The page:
Chuck Smith: ‘A friend asked me today about ‘Tri-West Investment Club.’ The idea is you give them $1,000 (minimum) for a year and they start paying you 10% a MONTH! And you get a bonus for referring people. With the bonuses, my friend’s friend made a $2,000 return on a $1,000 investment in one year. They claim to invest it in bank debentures. Sounds like a pyramid scheme to me.’
☞ And to me. A classic Ponzi scheme, in which the funds of new investors (not any actual investment activity) are used to pay old investors. A house of cards. It will end badly.
Josh: ‘We are in the position to sell our house and net about $250,000. We want to buy another house at approximately $250,000. Should we do an all cash deal or put a sizable down payment (40, 50, 60%) and invest the rest? And if so where do we invest? We are in our late thirties with two kids entering school.’
☞ Buying your new house for all cash is a wonderfully conservative thing to do, and will leave you that much more for saving that otherwise would have gone to the mortgage (and ‘points’ at closing). It’s also good for your peace of mind, and leaves you plenty of borrowing power for a home equity loan, should you ever need one.
If you have the opportunity to get, say, a 7% fixed rate mortgage, then NOT getting one is the same as investing your money in a completely safe 7% bond. Right? Not having to pay 7% interest is like earning 7% interest.
The questions are, first, what is your true cost of borrowing, after taking the mortgage interest deduction on your taxes? If you were, for example, in the 40% bracket, between federal and local income tax, then your true cost of borrowing (not counting fees) is 7% less 40% – 4.2%.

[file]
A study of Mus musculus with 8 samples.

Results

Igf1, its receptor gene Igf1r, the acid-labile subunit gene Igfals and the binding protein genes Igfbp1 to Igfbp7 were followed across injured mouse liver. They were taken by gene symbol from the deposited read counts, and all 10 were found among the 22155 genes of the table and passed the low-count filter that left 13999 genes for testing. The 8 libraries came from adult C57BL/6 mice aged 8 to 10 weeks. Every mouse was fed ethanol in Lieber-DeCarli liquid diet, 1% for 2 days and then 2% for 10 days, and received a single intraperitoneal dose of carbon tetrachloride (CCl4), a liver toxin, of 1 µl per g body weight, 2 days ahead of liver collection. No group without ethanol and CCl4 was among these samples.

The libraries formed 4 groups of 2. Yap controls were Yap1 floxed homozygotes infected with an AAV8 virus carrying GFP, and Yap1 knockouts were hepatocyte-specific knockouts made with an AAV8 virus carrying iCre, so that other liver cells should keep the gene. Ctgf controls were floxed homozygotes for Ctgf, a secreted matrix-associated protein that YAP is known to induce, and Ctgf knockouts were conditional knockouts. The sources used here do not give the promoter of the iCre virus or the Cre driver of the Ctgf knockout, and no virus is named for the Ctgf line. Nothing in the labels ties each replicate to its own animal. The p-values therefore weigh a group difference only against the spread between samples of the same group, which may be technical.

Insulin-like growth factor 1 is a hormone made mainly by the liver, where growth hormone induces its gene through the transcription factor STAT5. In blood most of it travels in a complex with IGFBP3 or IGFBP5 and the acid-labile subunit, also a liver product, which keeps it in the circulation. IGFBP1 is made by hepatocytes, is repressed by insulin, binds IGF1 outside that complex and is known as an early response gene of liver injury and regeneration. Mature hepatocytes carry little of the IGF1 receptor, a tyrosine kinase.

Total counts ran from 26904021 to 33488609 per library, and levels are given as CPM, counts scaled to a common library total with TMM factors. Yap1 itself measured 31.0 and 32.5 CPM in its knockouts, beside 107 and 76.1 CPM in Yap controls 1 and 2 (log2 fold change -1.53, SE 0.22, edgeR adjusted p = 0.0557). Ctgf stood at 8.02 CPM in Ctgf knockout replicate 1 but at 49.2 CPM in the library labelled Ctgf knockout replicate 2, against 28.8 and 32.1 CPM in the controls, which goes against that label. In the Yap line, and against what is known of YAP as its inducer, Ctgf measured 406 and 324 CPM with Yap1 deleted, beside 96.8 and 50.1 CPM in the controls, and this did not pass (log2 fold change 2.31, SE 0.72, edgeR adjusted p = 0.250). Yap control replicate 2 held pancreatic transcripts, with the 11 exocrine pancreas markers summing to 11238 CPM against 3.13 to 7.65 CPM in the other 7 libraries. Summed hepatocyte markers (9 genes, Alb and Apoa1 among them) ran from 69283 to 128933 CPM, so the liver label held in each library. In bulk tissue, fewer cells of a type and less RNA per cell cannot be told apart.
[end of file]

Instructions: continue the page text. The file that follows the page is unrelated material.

What if you could turn around and invest $200K in a completely safe “general obligation” municipal bond issued within your state that paid you 5% tax-free?
In theory, you’d be making a small profit on the difference between your 4.2% cost of borrowing and the 5% you were earning after tax.
(The IRS doesn’t allow you to deduct interest on money borrowed to buy tax-free bonds. But especially if the two transactions weren’t closely linked, you could certainly deduct interest on money borrowed to buy a house – even if that did leave you free to invest some of your cash in tax-free bonds.)
I wouldn’t advise this, because the difference is small, and, well, just not worth enough (in my mind) to forgo the pleasure of owning your home free and clear.
Nor would I rush to put much of the money into the stock market, on the assumption you will easily outperform that 4.2% after-tax cost of borrowing.
You should fully fund your 401(k)’s, etc., and a Roth IRA if you qualify for one. If that pinches too much and you need a mortgage, so be it.
Plus, if you’re really confident as an investor and business person, and know the risks, then of course you can throw this advice out the window – 4.2% after tax is a low rate, and, over the long-run, many smart people could do nicely borrowing at that rate and using the proceeds to invest in something else. Or open a Wendy’s – all manner of things.
But a lot of people who try their hands at these things LOSE THEIR MONEY. So I wouldn’t rush into anything at all. One day, there might be a compelling reason to borrow against the house. But until there is, enjoy your prudent good fortune.
Reminder: Free advice is worth what you pay for it.